What to do when you have been made redundant


It is never pleasant being told that you have been made redundant. After years of studying, training and believing that you are adding value to a firm- it is a blow. However, one must try to stay as positive as possible and realise that such decisions are operational and a sign of these economically precarious and unprecedented times, as opposed to anything personal and specific to you as an individual.

Once the initial shock has worn off, you need to try to re-group and focus in on exactly what the next step is. Do I stay in the Law? Take a sabbatical? Look for another position? My advice would be, don’t do anything rash. If you have been happy as a lawyer and would not have normally been looking for a career change, then the advice would be to look for something different- the needs of firms and departments vary according to their differing client platforms- just because you have been made redundant at your last firm, doesn’t mean that your skill set is not a perfect match and requirement elsewhere.

If you do choose to stay in the Law and move firms then here are some top tips:

• Don’t spread your self too thinly nor panic! In essence, try to limit your contact with recruitment consultants to two or three trusted names- chances are that between them you will be able to cover the market sufficiently. If you contact too many, then you may lose track of your applications and your relationships with your consultants will be diluted- hence, the process becomes counter- productive.

• Try to stay as flexible as possible. This means contacting firms that you wouldn’t normally have approached- i.e. smaller, boutique practices outside of the Magic or Silver Circle. It is also a good idea to remain as flexible as possible in terms of location i.e. could you move to a Regional practice? It might not even involve relocating- often, a slighter longer commute can mean taking advantage of a wider pool of firms without too much of an upheaval. If possible, International opportunities should be considered too- granted, a lot of firms in the Far and Middle East are now looking for domestic experience and language skills. However, there are still some opportunities that remain open to candidates who have solid backgrounds and impressive UK experience.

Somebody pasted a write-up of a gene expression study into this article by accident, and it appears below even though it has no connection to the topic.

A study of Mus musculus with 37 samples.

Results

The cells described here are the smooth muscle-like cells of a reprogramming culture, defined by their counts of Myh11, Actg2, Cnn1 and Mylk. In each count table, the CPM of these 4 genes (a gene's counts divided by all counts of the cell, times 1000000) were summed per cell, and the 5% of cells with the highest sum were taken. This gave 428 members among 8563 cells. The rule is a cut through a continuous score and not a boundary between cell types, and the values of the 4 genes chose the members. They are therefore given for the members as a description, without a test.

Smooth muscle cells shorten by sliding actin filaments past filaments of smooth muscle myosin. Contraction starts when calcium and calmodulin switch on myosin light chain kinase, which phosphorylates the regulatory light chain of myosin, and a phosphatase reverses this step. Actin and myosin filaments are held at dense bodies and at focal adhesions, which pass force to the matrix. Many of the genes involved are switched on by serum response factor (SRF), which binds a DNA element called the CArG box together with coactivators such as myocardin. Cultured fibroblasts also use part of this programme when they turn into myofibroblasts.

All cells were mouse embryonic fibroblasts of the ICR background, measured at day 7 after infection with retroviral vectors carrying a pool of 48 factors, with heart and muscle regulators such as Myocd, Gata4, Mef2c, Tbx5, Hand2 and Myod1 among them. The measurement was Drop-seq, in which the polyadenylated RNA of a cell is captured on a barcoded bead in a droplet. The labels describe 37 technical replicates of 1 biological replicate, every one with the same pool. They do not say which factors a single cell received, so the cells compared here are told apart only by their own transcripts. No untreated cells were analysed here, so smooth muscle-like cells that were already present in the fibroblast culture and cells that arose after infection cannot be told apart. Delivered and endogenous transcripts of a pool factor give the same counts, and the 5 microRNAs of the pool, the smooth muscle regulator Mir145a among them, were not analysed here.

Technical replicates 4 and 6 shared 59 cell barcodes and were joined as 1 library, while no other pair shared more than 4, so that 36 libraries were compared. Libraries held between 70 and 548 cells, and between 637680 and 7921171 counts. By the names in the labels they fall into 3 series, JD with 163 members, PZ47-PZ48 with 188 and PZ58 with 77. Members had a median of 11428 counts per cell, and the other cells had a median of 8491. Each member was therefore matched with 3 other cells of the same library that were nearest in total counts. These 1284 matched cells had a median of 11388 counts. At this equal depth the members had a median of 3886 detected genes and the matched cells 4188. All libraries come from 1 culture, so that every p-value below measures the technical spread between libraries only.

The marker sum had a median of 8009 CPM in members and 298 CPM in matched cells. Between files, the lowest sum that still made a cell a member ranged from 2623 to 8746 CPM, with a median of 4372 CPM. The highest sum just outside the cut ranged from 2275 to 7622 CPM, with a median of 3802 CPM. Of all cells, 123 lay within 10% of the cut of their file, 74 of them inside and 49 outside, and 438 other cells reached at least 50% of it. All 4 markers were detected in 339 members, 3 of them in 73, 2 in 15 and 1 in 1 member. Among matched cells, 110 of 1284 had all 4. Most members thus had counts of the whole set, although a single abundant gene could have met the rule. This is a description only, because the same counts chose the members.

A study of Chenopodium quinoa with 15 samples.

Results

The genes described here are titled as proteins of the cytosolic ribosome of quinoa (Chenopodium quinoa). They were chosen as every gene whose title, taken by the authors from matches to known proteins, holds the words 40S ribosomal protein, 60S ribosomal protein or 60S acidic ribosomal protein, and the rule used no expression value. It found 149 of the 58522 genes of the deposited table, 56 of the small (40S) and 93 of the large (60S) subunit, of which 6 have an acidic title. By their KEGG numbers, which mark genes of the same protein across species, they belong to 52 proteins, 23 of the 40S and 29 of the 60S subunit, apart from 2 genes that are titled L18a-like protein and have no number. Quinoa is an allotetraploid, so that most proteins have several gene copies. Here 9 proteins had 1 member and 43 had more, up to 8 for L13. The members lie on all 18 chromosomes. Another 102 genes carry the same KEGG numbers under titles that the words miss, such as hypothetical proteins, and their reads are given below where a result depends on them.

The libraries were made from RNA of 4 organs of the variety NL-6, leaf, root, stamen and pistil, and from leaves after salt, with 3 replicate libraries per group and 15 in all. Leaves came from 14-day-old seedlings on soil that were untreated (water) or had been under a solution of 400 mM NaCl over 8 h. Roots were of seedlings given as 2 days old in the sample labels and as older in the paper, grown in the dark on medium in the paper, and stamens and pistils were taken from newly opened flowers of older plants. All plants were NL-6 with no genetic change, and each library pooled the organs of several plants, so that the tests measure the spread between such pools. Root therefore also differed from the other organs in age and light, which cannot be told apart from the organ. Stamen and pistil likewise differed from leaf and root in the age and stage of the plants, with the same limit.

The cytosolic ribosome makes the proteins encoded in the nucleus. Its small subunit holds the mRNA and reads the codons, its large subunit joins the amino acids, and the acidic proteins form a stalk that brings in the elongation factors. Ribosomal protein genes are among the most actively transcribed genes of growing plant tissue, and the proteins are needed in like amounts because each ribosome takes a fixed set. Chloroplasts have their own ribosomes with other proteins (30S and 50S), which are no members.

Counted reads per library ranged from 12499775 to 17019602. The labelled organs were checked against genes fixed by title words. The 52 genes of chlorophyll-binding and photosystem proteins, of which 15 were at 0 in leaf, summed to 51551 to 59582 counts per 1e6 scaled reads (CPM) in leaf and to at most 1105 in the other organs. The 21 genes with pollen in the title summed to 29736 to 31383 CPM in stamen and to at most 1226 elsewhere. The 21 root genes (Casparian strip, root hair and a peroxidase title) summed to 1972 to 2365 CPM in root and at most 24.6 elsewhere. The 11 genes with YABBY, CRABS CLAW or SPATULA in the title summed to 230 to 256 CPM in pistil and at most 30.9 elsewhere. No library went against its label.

• See it as an opportunity. It is also important to be as flexible as possible regarding the role itself. What may seem like too generalist a role or too narrow, could be a good option to widen your skill set or specialise. Also remember that roles do develop as you go along, Partners and teams change etc and so the specifics within the job description should not be taken as 100% verbatim of what the role will be on a forever and amore permanent basis. Try to stay as open as possible.

• It is only temporary. The cyclical nature of the economy means that it can’t last forever. Economists are already intimating that there might be a slight recovery looming in the Banking sector- which means that a knock on effect in the law might not be too far away. Moreover, the longstanding ‘expansion and contraction’ policies of Banks and Law firms hopefully means that once the redundancies have been made and a few months have passed, firms will start recruiting again- which is good news for everyone!